We're just going to come right out and point out the obvious: Meryl Streep is a force of nature and an inspiration to women everywhere. And thankfully, the icon shows no signs of slowing down. She has three movies in various stages of production this year, and we wouldn't be surprised if at least one of them brought her back to the Academy Awards for another Oscar nod.
But for all her acclaim, she's also very relatable. In a way, she seems more like a role model than a celebrity. So today, on Meryl Streep's 64th birthday, we list six ways the actress is showing all of us how to live life post 50.
1. She doesn't let anything hold her back -- not even herself.
As she shares in this 2010 commencement speech with the graduating class of Barnard College in New York, Streep gave up on "playing the role" of the popular high school girl.
"Opinions were not attractive. This is stuff I remember thinking when I was quite young. At my house ... you learned to rise above the contending voices, but I recognized early on that that wasn't attractive on a date."
But Streep shed that skin in the '70s as a student at Vassar, to reveal the woman she was meant to be.
"It was the classic consciousness-raising time when people were earnestly talking about 'What's a woman? What's our role in the world? What is our capacity? What is holding us back?' ... I got up and I got outside of myself and I found myself again. I didn't have to pretend. I could be goofy, vehement, aggressive and slovenly and open and funny and tough! ... I became real!"
2. She doesn't take the slights of aging too seriously.
Streep strikes us as someone who doesn't take a "woe is me" approach to getting older, and this 1998 interview from the Actor's Studio proved us right. When James Lipton asks around the two minute mark if the stories of her being able to read a script a few times and have it memorized, she laughs the loudest when she answers: "Yes... but that was before menopause."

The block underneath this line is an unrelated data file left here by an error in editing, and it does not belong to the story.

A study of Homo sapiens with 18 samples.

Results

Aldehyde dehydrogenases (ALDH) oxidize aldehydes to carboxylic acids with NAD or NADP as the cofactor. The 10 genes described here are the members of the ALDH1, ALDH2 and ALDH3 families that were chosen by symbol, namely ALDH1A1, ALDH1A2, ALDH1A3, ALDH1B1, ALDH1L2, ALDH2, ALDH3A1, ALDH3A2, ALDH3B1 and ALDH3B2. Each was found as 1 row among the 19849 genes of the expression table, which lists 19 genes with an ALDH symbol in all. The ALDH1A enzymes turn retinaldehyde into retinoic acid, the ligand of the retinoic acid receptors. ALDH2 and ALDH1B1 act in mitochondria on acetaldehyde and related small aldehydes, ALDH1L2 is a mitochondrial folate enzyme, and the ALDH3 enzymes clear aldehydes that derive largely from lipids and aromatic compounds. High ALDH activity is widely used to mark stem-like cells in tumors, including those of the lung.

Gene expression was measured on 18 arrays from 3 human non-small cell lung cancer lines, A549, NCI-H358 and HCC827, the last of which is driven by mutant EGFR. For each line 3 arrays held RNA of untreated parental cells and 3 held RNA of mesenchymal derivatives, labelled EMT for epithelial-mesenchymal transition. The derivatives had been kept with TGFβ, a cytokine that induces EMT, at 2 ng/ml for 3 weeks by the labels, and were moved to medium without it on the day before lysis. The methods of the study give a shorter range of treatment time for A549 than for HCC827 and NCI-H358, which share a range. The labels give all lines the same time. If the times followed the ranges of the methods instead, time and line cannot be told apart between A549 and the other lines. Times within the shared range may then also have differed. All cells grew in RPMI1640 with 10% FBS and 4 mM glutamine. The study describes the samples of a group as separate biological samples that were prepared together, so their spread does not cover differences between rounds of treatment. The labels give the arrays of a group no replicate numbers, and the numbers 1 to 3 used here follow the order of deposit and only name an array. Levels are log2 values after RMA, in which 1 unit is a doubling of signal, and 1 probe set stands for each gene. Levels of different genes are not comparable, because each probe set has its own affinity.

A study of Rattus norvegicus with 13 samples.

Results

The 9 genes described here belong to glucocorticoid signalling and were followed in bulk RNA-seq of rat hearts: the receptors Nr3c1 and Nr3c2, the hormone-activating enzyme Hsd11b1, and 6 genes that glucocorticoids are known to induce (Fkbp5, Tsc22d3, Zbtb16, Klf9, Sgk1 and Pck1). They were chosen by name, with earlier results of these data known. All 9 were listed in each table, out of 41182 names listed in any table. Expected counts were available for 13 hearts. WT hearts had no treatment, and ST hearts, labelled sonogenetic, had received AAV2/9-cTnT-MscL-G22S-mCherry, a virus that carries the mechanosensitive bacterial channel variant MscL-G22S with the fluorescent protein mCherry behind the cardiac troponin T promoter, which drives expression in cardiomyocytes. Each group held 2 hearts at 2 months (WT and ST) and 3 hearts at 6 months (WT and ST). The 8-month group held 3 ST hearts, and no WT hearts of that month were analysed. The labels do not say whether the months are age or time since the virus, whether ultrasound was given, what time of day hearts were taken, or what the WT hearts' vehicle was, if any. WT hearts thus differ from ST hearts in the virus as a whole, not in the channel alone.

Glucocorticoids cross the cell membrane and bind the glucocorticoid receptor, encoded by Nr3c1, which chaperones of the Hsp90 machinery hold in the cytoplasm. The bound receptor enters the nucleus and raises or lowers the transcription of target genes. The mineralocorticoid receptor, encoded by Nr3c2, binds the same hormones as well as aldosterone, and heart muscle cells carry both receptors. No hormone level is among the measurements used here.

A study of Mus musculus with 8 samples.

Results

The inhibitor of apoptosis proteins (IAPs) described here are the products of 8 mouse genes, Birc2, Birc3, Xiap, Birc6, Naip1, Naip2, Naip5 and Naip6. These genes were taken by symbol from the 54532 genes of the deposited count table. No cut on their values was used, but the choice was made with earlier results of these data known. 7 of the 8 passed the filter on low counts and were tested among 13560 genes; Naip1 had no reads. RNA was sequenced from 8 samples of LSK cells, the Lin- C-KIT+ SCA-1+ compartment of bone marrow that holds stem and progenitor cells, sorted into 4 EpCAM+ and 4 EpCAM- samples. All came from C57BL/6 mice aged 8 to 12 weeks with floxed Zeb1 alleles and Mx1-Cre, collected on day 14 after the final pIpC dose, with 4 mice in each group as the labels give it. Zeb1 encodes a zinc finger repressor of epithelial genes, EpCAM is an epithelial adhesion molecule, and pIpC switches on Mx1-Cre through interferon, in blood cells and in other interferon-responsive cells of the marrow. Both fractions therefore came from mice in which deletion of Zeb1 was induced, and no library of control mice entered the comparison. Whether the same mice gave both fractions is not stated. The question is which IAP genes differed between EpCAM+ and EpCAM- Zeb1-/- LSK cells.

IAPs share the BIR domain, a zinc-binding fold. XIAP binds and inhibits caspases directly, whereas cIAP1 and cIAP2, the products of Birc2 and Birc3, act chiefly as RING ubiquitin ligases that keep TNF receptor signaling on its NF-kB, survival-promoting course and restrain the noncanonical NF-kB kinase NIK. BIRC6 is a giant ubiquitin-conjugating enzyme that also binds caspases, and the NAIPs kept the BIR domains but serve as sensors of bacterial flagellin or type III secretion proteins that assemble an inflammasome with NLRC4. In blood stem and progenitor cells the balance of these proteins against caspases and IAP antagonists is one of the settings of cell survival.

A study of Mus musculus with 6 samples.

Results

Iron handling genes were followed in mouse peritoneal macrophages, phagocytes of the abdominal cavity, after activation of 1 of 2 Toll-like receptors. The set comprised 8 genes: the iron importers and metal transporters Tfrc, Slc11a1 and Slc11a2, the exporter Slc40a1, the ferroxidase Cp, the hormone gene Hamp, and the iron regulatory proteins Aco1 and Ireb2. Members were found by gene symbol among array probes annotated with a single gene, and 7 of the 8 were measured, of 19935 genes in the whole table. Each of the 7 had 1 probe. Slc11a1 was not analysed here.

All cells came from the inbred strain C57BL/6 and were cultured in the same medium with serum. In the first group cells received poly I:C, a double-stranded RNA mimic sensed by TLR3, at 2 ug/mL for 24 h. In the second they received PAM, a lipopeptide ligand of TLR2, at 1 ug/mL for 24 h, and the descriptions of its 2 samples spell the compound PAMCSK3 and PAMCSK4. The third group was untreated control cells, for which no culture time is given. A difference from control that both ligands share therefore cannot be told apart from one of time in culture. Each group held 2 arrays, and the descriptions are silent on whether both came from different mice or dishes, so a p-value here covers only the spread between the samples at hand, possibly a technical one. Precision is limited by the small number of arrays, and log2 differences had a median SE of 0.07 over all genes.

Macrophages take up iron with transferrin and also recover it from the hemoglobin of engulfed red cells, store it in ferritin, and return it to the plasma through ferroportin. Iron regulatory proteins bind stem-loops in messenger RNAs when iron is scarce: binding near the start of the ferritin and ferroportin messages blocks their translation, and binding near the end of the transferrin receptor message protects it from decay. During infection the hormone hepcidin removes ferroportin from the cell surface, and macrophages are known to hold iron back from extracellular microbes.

3. She has a life outside her children.
Having your children grow up and out of your home is undoubtedly hard. But some empty nesters feel the separation more strongly than others after making their children their world for 18 some odd years. The mother of four adult children, Meryl Streep has been able to pursue her passion while bringing up some pretty great and accomplished kids. And if acting didn't keep her busy enough, she's also an active crusader for environmental health issues.
4. She doesn't take herself too seriously.
This woman has been nominated for the Oscars a phenomenal 16 times (taking home three of the awards). She's played venerable women like "The Iron Lady" Margaret Thatcher and Sister Aloysius Beauvier in "Doubt." She is one of Cinema's living treasures. And yet, she has no problem doing this for the screen adaptation of the Broadway hit play, "Mamma Mia!"
5. She isn't trying to look younger by going under the knife.
Foreheads that don't betray any emotion. Skin pulled back so tight, it looks like one has hit warp speed. It's a sad trend that once one hits a certain age, they try to beat back the clock with plastic surgery. We're so glad Meryl Streep doesn't subscribe to that line of thinking.
"I just don’t get it," Streep said in a Good Housekeeping interview. "You have to embrace getting older. Life is precious, and when you’ve lost a lot of people, you realize each day is a gift.”
Part of it may be because she's always been more than her (albiet very stunning) looks. In an interview with NPR's Fresh Air, Streep discusses the reason she thinks the reason she's still able to get roles in her 50s and 60s"
"I remember when I turned 40, I was offered, within one year, three different witch roles. I think there was, for a long time in the movie business, a period of -- when a woman was attractive and marriageable or f*ckable, that was it. And then they didn't know what to do with you until you were the lioness in winter, until you were 70, and then it was OK to do Driving Miss Daisy... That really has changed, not completely, not for everybody, but for me it has changed. Part of it has to do with, I wasn't that word that I just said that you bleeped before; when I was a younger actress, that wasn't the first thing about me."
6. She is constantly challenging herself.
Streep is not one to rest on her well-earned laurels. While her talent remains constant, her role choices are constantly evolving. Streep is showing the world the wide and varying landscape of being a woman over 50. If we had to pick a face of life after 50 for Hollywood, it doesn't get any better than Meryl.